Managing Single-Sign-On (SSO)

< enportal | 5.5 | admin | user administration


Page Contents

1. Overview

Single-Sign-On (SSO) and Sign-Off provides a convenient way for users to sign in once to enPortal and have enPortal manage sign-on credentials for proxied web applications. enPortal can then automatically sign-on on behalf of a user when they first access the proxied web content, and automatically sign-off once they log out of enPortal.

enPortal manages signing on to proxied applications on behalf of the user.

1.1. SSO Authentication Types

A number of different SSO token types are provided depending on what authentication mechanism a proxied application uses:

  • HTTP Basic Authentication (basic): The most basic authentication mechanism, although still used it's not very common.
  • NTLM Authentication (ntlm): This is also handled at the protocol layer and is not specific to a particular application. Typically this is implemented on Microsoft IIS servers. This authentication type supports NTLMv1, NTLMv2, and NTLM2 Session.
  • Application (PIM) Specific: Many modern web applications manage user authentication and session handling themselves through either cookies or session tokens or some combination. In these cases enPortal PIMs provide custom authentication handlers to manage the sign-on and sign-off process. When creating tokens the list of available types will include the standard ones above, and any custom types provided by loaded PIMs.

1.2. SSO Assignment

SSO tokens can also be assigned at different levels:

  • not assigned: when a user first accesses proxied content that requires authentication, and no existing token is applicable, the user is prompted to enter access credentials. These are then saved against the specific user.
  • User: Administrators can create tokens and assign to specific users. These tokens are the most specific and take precedence over Role or Domain-level tokens.
  • Role: Administrators can create tokens and assign to a Role, these tokens are then used whenever a user is logged in using that role. Role-level tokens take precedence over Domain-level tokens.
  • Domain: Administrators can create tokens and assign to a Domain, these tokens are then used for all users within the domain.

1.3. Stored & Pass-through Credentials

The credentials used can be:

  • Stored Credentials: the actual username, password, and other credentials required are stored encrypted in the enPortal configuration database. When proxied content is accessed that requires authentication, the stored credentials are decrypted and used. For more information on the encryption used refer to the Product Security page.
  • Pass-through Credentials: If the credentials used to access proxied content match the credentials used to log into enPortal, then enPortal can store these in-memory and use them when accessing proxied content that requires authentication. This avoids having to store credentials in the configuration database. To use pass-through credentials, use the following expressions instead of the actual username and password:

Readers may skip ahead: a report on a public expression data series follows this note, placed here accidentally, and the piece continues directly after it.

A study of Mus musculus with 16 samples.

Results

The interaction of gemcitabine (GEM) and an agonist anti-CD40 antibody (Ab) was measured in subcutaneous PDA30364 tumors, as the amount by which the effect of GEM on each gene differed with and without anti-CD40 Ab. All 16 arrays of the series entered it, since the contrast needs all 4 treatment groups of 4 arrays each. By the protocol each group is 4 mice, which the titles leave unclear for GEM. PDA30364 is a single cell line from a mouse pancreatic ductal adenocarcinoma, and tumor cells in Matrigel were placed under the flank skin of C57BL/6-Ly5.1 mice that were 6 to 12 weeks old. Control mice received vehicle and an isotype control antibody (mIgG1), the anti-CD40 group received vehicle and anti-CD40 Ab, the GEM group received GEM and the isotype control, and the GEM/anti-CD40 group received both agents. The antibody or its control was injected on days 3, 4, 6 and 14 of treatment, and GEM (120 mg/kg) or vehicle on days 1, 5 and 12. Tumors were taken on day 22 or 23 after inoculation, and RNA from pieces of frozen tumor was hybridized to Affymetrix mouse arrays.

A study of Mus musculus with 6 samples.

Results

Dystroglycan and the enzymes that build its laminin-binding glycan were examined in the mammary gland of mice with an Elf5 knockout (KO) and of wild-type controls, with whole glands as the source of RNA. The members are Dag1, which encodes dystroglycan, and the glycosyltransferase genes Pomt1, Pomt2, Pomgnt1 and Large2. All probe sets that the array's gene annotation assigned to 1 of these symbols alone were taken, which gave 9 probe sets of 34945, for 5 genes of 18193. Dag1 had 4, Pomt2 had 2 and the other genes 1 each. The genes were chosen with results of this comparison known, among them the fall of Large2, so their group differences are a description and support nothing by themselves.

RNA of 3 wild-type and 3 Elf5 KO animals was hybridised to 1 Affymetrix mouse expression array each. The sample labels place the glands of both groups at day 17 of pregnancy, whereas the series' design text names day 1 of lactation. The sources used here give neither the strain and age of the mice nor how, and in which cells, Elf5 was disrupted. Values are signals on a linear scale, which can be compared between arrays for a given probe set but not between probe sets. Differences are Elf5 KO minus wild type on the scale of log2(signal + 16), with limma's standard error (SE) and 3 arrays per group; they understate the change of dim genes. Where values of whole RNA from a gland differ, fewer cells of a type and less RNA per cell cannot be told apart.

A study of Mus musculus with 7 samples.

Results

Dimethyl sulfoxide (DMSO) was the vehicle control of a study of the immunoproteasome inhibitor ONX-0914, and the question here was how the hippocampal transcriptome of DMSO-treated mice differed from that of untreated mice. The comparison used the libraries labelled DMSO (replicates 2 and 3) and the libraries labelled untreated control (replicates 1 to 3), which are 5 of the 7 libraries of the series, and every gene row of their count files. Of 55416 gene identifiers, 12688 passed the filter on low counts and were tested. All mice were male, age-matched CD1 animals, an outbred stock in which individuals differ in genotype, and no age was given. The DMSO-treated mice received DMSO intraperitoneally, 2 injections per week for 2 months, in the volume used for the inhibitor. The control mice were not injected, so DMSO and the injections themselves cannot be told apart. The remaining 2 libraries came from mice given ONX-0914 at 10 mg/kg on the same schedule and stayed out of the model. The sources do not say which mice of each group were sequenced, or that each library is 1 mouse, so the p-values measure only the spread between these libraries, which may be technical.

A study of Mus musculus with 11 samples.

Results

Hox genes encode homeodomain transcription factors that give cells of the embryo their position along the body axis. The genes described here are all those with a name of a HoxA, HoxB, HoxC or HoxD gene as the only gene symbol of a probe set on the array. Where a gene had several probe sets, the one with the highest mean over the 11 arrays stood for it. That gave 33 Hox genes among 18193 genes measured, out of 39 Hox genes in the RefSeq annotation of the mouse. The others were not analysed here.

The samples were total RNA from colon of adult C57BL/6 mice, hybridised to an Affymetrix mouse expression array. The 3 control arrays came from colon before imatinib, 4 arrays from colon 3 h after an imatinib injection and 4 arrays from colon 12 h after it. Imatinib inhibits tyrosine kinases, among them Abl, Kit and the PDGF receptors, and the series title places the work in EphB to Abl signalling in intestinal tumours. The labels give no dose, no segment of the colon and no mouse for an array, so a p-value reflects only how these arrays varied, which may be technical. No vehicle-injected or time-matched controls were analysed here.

• username: ${shim:session.credentials.username}
    • password: ${shim:session.credentials.password}

2. Managing SSO

Managing SSO tokens is done via the administration interface and either the Provisioning -> Domains & Users for user and domain-level tokens, or via Provisioning -> Roles & Content Assignment for role-level tokens.

In all three cases right-clicking on the user, domain, or role will allow the creation of new SSO tokens as shown in the screenshot below by selecting the New SSO option. Existing tokens will be visible in the Explorer tree and can be edited or deleted.

When creating new SSO tokens the first step is to pick the authentication type, as also shown in the screenshot below. The actual list of options will depend on the PIMs installed.

Managing User and Domain-level SSO tokens.

2.1. SSO Settings

When adding or editing an SSO token there are two main groups of settings:

  1. The Auth Name, which defines the authentication type and is not editable. And the target application Host Name / IP and Port. These fields are used so enPortal can determine when to use this particular authentication token.
  2. The authentication credentials. Typically this is username and password, but depending on the authentication type there may be different or additional fields. For example, in the screenshot below for NTLM authentication there is an optional domain field.
NTLM SSO token settings, notice additional Domain field.